The result: A commercial US ship owner can easily reflag a vessel to get the top price for its steel hull from overseas scrap yards – while skirting US environmental laws that might otherwise restrict a US-flag vessel from being disposed of there, experts say. With steel scrap prices at record levels, some ships today may bring $700 a ton in Bangladesh. That's around $20 million for a typical retired tanker.
"This is something people have been exploiting for years, and MARAD has codified this practice into a regulation that makes it legal," says John Graykowski, a former acting administrator of MARAD under President Clinton who now works with US-based ship-recycling companies. "It's high time the agency took a hard look at this issue in light of the global reforms going on in the ship-scrapping industry."
Thousands of tons of toxins
The Oceanic is not thought to have been reflagged to be scrapped just yet, environmentalists say. But the fact that it soon could be underscores an emerging global threat in the next few years: A tidal wave of hundreds of old ships carrying PCBs and asbestos expected to be cut up and their contents spilled onto beaches in developing nations.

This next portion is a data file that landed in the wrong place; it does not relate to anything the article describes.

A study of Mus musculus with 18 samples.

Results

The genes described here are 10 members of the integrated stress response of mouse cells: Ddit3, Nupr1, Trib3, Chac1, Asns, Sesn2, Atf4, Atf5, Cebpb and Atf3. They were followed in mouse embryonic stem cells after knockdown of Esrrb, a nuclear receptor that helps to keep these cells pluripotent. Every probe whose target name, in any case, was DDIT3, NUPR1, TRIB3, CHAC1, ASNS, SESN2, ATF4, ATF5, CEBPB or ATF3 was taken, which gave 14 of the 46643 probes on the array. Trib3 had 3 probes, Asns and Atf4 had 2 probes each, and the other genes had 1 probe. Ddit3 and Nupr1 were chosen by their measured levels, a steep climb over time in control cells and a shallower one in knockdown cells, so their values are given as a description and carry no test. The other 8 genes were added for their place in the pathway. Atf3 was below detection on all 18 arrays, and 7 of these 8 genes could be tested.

Polychlorinated biphenyls are a mixture of chlorinated compounds, often an oily liquid or solid. Because they don't burn easily and are good insulators, PCBs are often used in electrical equipment in wiring and transformers.
But while PCBs and asbestos were phased out of US shipbuilding in the 1980s, many ships like the Oceanic that are more than 25 years old often contain hundreds of tons of asbestos and PCBs. Now these ships are coming up for scrapping, experts say.